Finalizing the Tik Tak and starting on the Kayaks (finally)
March 4/5, 2016

When last we left the Tik Tak 8, it had two coats of paint and the top had been attached.

And there she sits. The interesting thing about square-ish boats is it can be very difficult to get all the edges to line up perfectly.

This 'lack of perfection' is one thing that frustrates neophyte builders and people who come to boat building from cabinetry. While we at the Boathouse strive for perfection, we are aware of it's crushing burden. Instead of being a slave to perfection, we do as well as we can, then bring out our friends.

Use of a 4.5" angle grinder as a boatbuilding tool was introduced to me by one of my favorite designers, John Welsford. When fitted with a 36 grit sanding wheel, it's almost like using a light saber.

A 5/8" hole in the center of the stems makes for the perfect place to tie a painter. I put them both fore and aft because you never know how you'll have to tie off.

There she is, she just needs the edges painted. It's due to be sold at silent auction in a week, and patience wants to add some color to it, so I thought I'd do the touchup painting for her.

I wasn't sure when Connie and Patience would be by to pick up the boat, so I hastened the paint drying process with a heat gun. As it turns out, Connie will pick up the boat some time during the week, so this step was not needed. David said he'd put another coat of paint on her, which is always a good thing.

Saturday morning brought calm weather and some Canvasback ducks (Aythya valisineria)

This is the kayaks we are making, Sugpiaq-Alutiiqs, a hair over 14.5' long and a hair over 28" wide. My plan is to paddle the length of the Willamette (Eugene to Point Kelly, anyhow) in them this summer. I chose this design after consulting with Harvey Golden, a local resource who literally wrote the book on kayaks of the Pacific Northwest: Kayaks of Alaska.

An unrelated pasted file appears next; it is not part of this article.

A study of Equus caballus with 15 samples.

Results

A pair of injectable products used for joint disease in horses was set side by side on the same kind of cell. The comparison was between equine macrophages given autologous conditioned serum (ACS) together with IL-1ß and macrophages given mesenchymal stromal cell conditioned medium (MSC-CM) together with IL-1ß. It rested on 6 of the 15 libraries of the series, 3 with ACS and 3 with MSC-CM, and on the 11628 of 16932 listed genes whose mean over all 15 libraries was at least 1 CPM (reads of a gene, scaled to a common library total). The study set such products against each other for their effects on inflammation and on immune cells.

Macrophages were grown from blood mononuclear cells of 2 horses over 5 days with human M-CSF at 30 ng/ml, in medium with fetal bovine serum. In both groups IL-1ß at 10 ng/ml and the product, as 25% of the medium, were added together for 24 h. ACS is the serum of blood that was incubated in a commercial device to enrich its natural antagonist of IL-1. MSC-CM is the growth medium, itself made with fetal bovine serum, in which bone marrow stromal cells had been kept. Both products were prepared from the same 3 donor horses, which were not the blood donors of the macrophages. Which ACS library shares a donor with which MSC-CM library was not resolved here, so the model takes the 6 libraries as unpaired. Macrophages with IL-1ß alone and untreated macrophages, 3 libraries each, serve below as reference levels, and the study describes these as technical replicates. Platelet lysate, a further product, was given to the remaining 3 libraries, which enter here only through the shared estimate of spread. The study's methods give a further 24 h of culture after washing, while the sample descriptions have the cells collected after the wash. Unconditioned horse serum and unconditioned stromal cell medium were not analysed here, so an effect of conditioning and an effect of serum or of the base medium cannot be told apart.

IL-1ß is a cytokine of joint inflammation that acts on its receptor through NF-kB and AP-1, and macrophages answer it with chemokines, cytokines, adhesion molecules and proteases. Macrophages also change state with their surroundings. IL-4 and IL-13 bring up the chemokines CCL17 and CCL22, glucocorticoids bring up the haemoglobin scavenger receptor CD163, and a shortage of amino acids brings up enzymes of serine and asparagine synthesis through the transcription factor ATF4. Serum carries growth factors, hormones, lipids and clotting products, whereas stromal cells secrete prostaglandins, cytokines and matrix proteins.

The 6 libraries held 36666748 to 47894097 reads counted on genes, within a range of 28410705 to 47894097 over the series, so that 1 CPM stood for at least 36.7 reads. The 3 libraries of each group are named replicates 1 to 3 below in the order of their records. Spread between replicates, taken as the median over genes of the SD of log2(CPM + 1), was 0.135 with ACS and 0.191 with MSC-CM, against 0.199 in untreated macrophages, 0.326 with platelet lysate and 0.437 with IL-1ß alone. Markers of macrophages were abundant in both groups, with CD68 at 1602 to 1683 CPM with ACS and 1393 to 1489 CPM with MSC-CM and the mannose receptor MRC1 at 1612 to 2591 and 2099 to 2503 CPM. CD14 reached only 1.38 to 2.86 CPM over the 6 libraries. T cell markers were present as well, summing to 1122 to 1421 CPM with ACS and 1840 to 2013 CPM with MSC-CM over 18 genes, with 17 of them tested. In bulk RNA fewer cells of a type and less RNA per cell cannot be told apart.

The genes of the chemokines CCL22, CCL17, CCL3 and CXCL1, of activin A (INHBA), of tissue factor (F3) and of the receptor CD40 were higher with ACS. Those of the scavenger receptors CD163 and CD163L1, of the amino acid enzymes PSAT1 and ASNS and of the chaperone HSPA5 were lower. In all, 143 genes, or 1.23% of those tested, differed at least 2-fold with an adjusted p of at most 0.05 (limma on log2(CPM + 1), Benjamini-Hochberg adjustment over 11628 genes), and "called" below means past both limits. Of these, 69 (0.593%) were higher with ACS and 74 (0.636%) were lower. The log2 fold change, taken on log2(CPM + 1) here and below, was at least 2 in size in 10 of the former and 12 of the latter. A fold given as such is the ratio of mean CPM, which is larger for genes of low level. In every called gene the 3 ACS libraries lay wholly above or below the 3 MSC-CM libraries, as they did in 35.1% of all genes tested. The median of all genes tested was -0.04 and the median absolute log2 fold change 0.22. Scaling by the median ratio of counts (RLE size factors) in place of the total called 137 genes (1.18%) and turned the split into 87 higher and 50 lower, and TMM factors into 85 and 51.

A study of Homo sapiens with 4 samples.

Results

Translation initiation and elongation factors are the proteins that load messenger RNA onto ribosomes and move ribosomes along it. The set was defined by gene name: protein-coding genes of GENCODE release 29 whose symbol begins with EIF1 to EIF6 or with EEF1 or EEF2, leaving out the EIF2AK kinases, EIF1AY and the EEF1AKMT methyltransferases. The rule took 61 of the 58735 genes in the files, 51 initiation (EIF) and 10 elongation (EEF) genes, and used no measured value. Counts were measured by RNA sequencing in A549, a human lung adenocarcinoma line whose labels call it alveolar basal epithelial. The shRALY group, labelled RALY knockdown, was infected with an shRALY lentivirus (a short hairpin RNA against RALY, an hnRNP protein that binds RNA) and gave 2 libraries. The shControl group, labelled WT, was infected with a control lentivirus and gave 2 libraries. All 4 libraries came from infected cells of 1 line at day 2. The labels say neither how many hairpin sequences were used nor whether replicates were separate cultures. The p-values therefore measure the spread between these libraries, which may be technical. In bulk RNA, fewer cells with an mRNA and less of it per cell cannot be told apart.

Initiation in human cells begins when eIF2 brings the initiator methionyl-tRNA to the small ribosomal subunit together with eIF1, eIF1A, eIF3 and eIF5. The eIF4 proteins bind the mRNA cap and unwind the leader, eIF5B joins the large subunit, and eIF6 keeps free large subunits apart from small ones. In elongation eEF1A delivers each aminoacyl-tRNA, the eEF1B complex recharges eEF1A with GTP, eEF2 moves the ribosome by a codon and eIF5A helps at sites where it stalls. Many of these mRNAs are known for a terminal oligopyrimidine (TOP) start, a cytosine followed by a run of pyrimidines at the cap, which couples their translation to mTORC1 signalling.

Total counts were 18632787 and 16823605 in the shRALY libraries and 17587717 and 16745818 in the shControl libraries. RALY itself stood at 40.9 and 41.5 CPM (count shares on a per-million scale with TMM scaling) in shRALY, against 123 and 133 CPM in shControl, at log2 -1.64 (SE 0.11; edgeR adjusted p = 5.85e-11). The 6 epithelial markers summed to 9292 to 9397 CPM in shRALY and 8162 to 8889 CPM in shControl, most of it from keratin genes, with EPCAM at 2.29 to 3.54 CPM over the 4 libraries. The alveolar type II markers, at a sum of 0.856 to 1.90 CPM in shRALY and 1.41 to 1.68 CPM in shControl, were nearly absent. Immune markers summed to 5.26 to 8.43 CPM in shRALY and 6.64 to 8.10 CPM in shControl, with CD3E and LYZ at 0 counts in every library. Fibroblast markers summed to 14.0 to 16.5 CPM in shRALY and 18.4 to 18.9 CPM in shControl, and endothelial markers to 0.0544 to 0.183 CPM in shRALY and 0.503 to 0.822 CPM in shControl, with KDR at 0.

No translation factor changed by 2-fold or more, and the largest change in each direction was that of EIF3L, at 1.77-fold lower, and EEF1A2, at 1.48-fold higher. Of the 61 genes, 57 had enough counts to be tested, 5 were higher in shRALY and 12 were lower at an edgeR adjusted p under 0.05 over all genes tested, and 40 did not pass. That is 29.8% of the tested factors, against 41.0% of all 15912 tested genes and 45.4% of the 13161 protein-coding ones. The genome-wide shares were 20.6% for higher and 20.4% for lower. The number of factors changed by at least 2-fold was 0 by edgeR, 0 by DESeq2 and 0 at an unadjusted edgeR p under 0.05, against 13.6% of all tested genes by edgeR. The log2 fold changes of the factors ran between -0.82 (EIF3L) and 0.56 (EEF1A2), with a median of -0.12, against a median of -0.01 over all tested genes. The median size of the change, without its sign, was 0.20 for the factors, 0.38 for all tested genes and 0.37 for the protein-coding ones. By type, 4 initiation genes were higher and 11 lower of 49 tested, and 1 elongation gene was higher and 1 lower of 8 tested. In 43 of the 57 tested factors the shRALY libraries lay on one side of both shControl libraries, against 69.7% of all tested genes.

This type of construction has everything starting at the gunnels and deck beams. I will be pegging the deck beams to the gunnels using 1/2" dowel. Everything starts with the widest deck beam, and that's where the first deck beam goes.

The boat has a substantial flair to it. Since I am not actually assembling the gunnel/deck beams today, I am holding it all together with straps.

Friend of the Boathouse (and master shipwright,) Rick Johnson, stopped by to lend me his book, Building Skin-on-Frame Boats by Robert Morris.

Boatbuilding is about 92% standing around, talking about boat building. I was, trimming up the ends of the gunnels.

In Building the Greenland Kayak, Cunningham talks about fitting the ends by clamping the ends together and drawing an aggressively toothed handsaw through them. I tried that and immediately cut my thumb. Obviously, the next step was to mechanize, because why risk a simple flesh wound when I could potentially cut the whole thing off? This particular saber saw has an oscillation setting that makes it particularly aggressive and . . . it actually worked quite well.

And here it is. The next step will be to cut the mortises for the ribs and cut the deck beams to shape. After that, it's make the stems, put the gunnel/beams together, attach them to the stems, and pull it all into shape with the keel.